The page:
Staff Reports

Posted: Sunday, January 21, 2018 11:25 AM


KNOX COUNTY - Volunteers with Tennessee Baptist Disaster Relief are on alert and standby for deployment to Texas following the destruction brought by Harvey.

A team at Lyons Creek Baptist Church had been working to outfit a new disaster relief trailer for a few weeks and planned to take a while longer to finish installations. On Sunday, the team hurried to finish installations in case they need to respond to the disaster in Texas.

"We've been in areas that had had eight to 10 feet of water in homes," Lyons Creek Baptist disaster relief director Stanley Roach said. "From what they're predicting in the next few days, it's kind of unbelievable that that much water could fall in one area."

Roach is one of around a thousand volunteers in Knox County who have been trained and passed a background check to serve with Tennessee Baptists Disaster Relief. Knox County Association of Baptist disaster relief director Lou Mulsand says statewide, the organization has a volunteer pool of around 10,000. Mulsand says for any given disaster response, around 10 percent of the trained volunteers are able to respond.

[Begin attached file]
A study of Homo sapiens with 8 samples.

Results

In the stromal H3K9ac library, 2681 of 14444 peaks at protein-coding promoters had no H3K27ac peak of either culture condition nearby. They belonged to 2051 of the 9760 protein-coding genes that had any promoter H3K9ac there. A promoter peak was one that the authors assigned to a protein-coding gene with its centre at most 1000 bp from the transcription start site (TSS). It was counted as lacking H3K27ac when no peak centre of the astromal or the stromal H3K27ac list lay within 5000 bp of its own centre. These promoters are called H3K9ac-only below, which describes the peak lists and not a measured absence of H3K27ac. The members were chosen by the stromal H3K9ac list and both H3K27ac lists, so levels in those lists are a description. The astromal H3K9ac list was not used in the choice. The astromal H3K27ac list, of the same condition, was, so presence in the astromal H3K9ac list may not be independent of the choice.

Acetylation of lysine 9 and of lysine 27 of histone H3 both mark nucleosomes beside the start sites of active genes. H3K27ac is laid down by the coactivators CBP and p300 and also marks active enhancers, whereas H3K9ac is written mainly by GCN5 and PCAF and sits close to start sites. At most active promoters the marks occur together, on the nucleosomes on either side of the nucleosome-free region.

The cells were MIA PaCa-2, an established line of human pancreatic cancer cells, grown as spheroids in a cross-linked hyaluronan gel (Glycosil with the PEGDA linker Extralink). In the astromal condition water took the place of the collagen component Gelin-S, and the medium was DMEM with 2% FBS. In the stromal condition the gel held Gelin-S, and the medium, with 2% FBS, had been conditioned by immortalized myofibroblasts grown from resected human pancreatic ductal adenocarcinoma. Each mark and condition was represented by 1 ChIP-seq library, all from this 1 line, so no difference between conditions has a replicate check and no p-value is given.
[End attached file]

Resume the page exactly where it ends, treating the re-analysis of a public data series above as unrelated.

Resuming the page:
"We are the volunteer state, and when big things happen - like up in Gatlinburg - we get a lot of participation," Mulsand said.

As of Sunday evening, volunteer and feeding units are on alert, while recovery crews - including chainsaw crews, laundry units and assessment teams - are on standby.

Mulsand says Tennessee Baptist teams will be called in if disaster relief teams from the Texas Baptist Convention can't meet the immediate needs of people in the affected areas.

With Harvey expected to dump up to 50 inches in parts of Southeast Texas over the new few days, flooding delays assessors from determining what type of assistance is needed.

"We're not first responders, and we can't go in until the water goes down," Mulsand said. "You have to coordinate a place to put the kitchens and house the volunteers, and all of that takes time. If those areas are flooded and they can't get in there, then all that is hard to do."

Mulsand says Tennessee Baptist Disaster Relief works hand-in-hand with the Red Cross and Salvation Army. Mulsand says Southern Baptist Disaster Relief kitchen units cook around 95 percent of food for the Red Cross.

Though the organization works to meet the immediate needs of those in disaster zones, Roach says that's not the only reason he serves.

"Sometimes its not just cleaning out their home, it's to sit and listen to them and to listen to them tell about the story of what happened," Roach said. "Hopefully through the whole process we'll develop some relationships and through those relationship we can share Christ with them."